A prenuptial agreement provides a clear agreement that can lead to peace of mind for both parties.
They can give you peace of mind if:
You want to protect inheritance or future inheritance, both money and assets
There are assets and/or property that would be very hard to split 50/50
You have children from a previous relationship and want to ensure certain assets are reserved for them and protect their inheritance rights. (It is also crucial to make a will)
Either party own a business which they’d like to retain control of
If your spouse has outstanding debt, a prenuptial agreement with a ‘debt clause’ can protect you from being liable
Are Prenuptial agreements legally binding?
It is important to note that prenuptial agreements are still not legally enforceable in England and Wales – at least for now.
However following the landmark decision in the case of Radmacher v Granatino in October 2010, judges are attaching more weight to prenuptial agreements and are more likely to uphold them, unless they are considered to be unfair at the time the parties get a divorce.
In our experience, a prenuptial agreement is more likely to be upheld if it is signed at least 21 days before the wedding day, its contents are reasonable, clearly not out of date (providing for future children, for example, and preferably a review after a period of time) and if it was properly drafted by a family lawyer with both parties receiving independent legal advice and providing full financial disclosure.
How do I create prenuptial agreement?
When considering if the prenuptial agreement is fair and should be upheld, the court will look at things such as whether both parties understood it properly and if they had enough time to review it before signing. Therefore when a prenuptial agreement is created you need to ensure the following:
To comply with UK law, the pre-nup must be drawn up by a qualified solicitor
Both parties must have separate solicitors to avoid any claim of conflict of interest
All assets must be fully disclosed by both parties
Both parties must fully understand the agreement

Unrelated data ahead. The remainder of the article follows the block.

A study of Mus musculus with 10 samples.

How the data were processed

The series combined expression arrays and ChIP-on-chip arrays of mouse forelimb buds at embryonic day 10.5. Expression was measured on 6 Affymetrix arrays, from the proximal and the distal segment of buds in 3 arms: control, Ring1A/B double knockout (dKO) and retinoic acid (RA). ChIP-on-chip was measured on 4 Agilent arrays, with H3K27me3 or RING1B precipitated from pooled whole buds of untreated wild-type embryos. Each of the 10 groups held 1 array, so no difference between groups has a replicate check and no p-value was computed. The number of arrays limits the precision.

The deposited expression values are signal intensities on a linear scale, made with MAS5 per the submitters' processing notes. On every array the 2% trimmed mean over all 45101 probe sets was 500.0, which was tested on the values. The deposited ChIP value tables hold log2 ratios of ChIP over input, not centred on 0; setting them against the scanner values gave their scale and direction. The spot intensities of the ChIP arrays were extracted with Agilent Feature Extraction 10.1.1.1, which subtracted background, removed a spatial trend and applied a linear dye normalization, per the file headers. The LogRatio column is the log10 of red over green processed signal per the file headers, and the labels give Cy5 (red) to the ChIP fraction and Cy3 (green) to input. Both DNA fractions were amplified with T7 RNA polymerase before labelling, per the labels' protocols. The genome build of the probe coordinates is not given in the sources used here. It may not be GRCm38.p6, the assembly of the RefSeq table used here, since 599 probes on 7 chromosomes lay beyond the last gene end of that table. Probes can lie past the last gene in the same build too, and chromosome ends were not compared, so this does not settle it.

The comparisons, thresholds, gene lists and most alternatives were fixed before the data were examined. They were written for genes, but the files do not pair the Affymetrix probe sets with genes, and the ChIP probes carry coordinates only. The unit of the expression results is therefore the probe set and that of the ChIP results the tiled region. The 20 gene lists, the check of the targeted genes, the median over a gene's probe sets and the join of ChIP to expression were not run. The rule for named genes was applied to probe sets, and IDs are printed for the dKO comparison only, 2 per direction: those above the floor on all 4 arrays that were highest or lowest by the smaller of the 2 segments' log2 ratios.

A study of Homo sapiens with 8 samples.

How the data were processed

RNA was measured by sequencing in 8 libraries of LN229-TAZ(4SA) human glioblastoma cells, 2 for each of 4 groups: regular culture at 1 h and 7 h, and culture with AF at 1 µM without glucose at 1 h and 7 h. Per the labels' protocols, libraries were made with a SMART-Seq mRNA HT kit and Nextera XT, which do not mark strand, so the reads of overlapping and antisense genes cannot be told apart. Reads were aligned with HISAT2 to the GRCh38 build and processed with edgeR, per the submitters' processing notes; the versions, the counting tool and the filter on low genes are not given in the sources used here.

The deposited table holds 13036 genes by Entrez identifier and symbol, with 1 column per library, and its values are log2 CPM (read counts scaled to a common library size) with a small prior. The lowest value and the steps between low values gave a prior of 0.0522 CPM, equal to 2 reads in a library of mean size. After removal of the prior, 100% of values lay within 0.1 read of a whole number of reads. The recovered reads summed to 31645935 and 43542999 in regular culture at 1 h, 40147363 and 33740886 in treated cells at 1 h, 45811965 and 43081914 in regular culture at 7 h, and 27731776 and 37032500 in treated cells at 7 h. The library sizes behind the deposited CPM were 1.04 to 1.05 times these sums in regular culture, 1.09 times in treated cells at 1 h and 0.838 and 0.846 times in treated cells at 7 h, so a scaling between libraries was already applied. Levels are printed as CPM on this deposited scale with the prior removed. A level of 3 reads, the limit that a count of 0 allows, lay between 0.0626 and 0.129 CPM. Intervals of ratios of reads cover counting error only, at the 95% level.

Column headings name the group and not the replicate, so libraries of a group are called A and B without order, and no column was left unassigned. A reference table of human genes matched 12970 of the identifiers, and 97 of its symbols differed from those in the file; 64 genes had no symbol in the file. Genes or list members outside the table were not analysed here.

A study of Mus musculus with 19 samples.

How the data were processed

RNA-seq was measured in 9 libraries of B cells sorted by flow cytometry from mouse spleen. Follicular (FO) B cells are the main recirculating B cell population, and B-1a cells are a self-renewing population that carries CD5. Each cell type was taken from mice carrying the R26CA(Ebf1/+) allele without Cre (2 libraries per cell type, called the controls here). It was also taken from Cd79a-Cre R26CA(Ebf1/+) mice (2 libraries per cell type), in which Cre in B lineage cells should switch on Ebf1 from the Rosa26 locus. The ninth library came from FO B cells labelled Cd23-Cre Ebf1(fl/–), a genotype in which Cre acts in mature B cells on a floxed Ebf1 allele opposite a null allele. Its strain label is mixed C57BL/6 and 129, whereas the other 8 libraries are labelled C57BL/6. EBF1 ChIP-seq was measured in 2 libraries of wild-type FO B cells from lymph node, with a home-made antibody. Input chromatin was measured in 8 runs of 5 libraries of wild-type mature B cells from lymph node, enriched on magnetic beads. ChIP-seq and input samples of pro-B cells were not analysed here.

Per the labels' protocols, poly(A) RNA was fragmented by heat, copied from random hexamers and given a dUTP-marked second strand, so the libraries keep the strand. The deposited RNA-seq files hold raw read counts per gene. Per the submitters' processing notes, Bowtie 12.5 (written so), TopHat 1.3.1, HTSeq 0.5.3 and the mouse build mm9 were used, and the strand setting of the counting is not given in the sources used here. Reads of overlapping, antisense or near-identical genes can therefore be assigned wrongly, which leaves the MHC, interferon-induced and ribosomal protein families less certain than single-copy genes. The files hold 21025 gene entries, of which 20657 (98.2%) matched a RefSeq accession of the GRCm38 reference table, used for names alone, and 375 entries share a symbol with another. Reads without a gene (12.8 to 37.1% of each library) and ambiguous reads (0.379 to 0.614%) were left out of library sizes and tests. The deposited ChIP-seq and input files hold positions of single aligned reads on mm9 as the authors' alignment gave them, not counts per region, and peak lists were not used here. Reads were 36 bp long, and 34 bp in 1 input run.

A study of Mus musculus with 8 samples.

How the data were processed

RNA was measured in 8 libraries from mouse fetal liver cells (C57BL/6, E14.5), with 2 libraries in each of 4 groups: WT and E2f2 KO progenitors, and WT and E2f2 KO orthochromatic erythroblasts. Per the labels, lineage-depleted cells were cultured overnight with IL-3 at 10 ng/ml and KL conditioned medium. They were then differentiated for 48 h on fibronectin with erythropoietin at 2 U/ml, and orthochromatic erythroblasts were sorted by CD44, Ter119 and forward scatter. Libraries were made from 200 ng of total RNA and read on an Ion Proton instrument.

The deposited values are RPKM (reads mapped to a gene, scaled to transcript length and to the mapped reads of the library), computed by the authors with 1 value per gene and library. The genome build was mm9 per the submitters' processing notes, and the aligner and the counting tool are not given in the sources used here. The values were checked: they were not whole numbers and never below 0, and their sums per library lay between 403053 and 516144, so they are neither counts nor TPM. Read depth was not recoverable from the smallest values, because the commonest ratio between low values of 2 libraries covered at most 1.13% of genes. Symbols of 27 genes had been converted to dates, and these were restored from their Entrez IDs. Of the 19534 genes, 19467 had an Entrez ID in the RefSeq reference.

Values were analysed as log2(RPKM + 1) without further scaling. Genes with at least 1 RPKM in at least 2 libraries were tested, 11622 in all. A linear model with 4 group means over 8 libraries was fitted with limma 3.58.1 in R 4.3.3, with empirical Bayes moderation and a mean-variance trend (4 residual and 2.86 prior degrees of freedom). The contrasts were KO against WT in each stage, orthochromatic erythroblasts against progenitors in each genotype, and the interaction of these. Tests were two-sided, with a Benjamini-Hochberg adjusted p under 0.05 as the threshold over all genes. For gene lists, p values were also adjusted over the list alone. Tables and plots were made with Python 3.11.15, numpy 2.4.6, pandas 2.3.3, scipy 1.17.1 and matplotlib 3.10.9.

Both parties must voluntarily agree to it
Both solicitors must confirm it was entered into freely and knowingly
The prenuptial agreement should be signed at least 21 days before the marriage
I’m getting divorced and there is a prenup in place
When we advise a client about a relationship that has broken down and a prenuptial agreement is in place, we ask certain questions. These include:
How soon before the wedding was the prenuptial agreement signed?
Was any pressure placed on the parties to sign it?
How was it negotiated?
Was there any negotiation at all, or was the agreement imposed on one party?
Was there full and frank disclosure of the finances of both parties?
Did both parties receive legal advice?
Depending on the answers to the above questions, we can then give you advice about how your existing prenup could affect your separation.
If you are considering a prenuptial agreement, or you have signed a prenuptial agreement and would like advice, book an appointment today in one of our UK offices.
We're already married but want to sign an agreement
If you are already married and want an agreement in place to define what will happen in the event of the marriage ending, then we advise visiting our page on postnuptial agreements. A postnuptial agreement (or postnup) can effectively do the same things as a prenup, except postnups are signed after marriage has occured.
Lawyer: Jemma Slavin
All of my dealings with Stowe Family Law have been extremely positive. Based on my experiences, the firm’s greatest strength is how well prepared its lawyers are ahead of court hearings, both in financial remedies and private children proceedings. They also appear to care deeply about the outcomes they seek on behalf of their clients while remaining professional and courteous in their dealings.
Client: Legal 500
Lawyer: Nastassia Burton
I am absolutely delighted with the handling of my case and your knowledge. You have been brilliant and helpful.
Client: Mrs S
Lawyer: Jennifer Reddy
Having recently completed Financial Remedy proceedings through Stowe Family Law, I have no hesitation in recommending Jennifer Reddy. Jennifer made the potentially unwieldy legal process considerably less difficult. Her helpful and professional advice meant that I always had a clear understanding of the options available to me, and her support in preparing for my hearing allowed me to feel confident when I went into court. Thanks to Jennifer’s knowledge and guidance, the outcome of my case was far better than I had ever thought possible.
Client: Mr H
Lawyer: Harriet Randall
I cannot recommend Harriet highly enough….I will always be grateful for the support Harriet has given me….and my future is a much brighter place thanks to her hard work.
Client: Mr P
Lawyer: Gavin Scott
Gavin Scott is hardworking and always available night and day. He provides sensible and realistic advice to clients.
Client: Legal 500
Lawyer: Jason Stanley
I can't thank Jason Stanley and the Stowe team enough. Stowe handled my divorce both sensibly and cost-effectively, so when I needed help with Child Arrangements I naturally called Stowe. Jason gave sensible advice, which has given me the right outcome without incurring a huge cost. Communication was always clear and compassionate, and I was aware of all the options at each stage. I wouldn't hesitate to recommend Jason and the Stowe team.
Client: Mrs M
Lawyer: Amy Langford
Amy is very professional, honest and reassuring in her approach
Client: Mr F. Smith
Lawyer: Maria Coster
[the team are] friendly, listen and hear what I have to say as a client. As a team, they ensure I have all information for my case as well as some of the administration clarities. They are all extremely professional.